Investors should purchase Hershey Co. options because their prices don't reflect the high probability that Nestle SA will bid for the candymaker, according to Capstone Global Markets LLC said.
Sachin Shah, a merger arbitrage specialist at the broker- dealer, recommended buying 10,000 Hershey shares along with 100 January $43 puts and 100 January $49 calls in a strangle trade. Hershey rose 0.7 percent to $46.35 at 4 p.m. New York time, extending its 2010 gain to 30 percent. That compares with the Standard & Poor's 500 Index's 3.2 percent drop since Dec. 31.
“There's a strong possibility that Nestle is interested in acquiring Hershey,” Shah, who is based in New York, wrote in an Aug. 11 report. “Hershey will have to merge with a peer to effectively confront the growing competitive landscape.”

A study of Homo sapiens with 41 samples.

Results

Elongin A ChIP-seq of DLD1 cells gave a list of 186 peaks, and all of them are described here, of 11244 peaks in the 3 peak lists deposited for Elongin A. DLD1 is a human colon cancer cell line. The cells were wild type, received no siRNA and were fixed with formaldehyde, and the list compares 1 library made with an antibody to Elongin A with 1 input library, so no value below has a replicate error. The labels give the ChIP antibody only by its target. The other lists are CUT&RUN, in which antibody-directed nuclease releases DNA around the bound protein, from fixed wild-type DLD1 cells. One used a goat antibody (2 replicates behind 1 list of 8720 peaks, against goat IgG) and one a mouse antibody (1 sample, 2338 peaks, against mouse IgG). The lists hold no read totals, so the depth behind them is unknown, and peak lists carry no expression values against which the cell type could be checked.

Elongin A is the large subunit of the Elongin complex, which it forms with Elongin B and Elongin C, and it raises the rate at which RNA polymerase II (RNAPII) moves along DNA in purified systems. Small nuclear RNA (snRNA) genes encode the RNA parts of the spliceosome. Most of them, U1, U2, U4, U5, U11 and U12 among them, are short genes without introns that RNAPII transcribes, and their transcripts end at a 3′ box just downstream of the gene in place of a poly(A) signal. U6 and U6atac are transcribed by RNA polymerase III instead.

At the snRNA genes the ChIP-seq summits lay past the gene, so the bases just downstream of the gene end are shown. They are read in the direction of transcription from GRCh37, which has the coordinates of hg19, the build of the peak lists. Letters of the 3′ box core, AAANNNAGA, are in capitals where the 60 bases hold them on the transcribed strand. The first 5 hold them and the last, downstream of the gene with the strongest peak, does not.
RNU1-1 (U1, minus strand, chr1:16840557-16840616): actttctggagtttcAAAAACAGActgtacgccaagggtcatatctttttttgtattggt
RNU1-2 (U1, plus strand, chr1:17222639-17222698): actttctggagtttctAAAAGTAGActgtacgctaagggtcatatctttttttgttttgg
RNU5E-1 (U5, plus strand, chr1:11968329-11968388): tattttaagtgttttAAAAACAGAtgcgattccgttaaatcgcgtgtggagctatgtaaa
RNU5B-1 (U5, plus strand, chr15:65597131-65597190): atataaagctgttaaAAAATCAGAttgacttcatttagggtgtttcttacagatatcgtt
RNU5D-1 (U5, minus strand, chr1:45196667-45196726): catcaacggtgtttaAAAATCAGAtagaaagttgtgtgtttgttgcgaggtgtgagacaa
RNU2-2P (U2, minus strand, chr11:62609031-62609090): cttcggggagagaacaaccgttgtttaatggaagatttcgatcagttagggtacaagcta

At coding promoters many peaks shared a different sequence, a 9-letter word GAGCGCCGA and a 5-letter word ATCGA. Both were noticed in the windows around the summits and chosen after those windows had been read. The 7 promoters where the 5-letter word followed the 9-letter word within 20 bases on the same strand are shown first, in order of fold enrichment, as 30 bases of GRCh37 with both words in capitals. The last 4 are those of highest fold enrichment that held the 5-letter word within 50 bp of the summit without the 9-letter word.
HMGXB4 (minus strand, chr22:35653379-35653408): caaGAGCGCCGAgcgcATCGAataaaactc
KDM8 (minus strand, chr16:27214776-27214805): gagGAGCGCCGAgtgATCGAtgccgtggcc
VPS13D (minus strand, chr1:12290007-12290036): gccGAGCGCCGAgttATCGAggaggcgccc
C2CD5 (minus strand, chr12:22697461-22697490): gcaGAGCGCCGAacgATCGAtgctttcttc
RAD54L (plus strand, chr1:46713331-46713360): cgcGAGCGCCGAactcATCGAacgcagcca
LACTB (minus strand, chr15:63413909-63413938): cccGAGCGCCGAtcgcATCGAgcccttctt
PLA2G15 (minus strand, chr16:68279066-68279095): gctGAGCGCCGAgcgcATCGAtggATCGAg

Mergers and acquisitions are a “future growth enabler” for Nestle, Chief Financial Officer Jim Singh said on Aug. 11. The company has bought companies with annualized sales of 2.5 billion francs so far this year, he said.
Nestle, based in Vevey, Switzerland, expects to get a $28.1 billion payment from Novartis AG for selling its stake in Alcon Inc. this quarter. That means the company could buy almost any publicly traded food asset with cash. Hershey shares are valued at more than $10 billion.
“We believe that although some expectations are built in the Hershey stock, Hershey option term structure is pricing in very low expectation of any deal,” Shah wrote.
More investors have bet against Hershey than at any time in more than 15 months. Traders sold 9.51 million shares of Hershey short as of July 30, the most since April 15, 2009. The traders have sold shares they don't own and intend to buy them back if the price declines, profiting from the difference.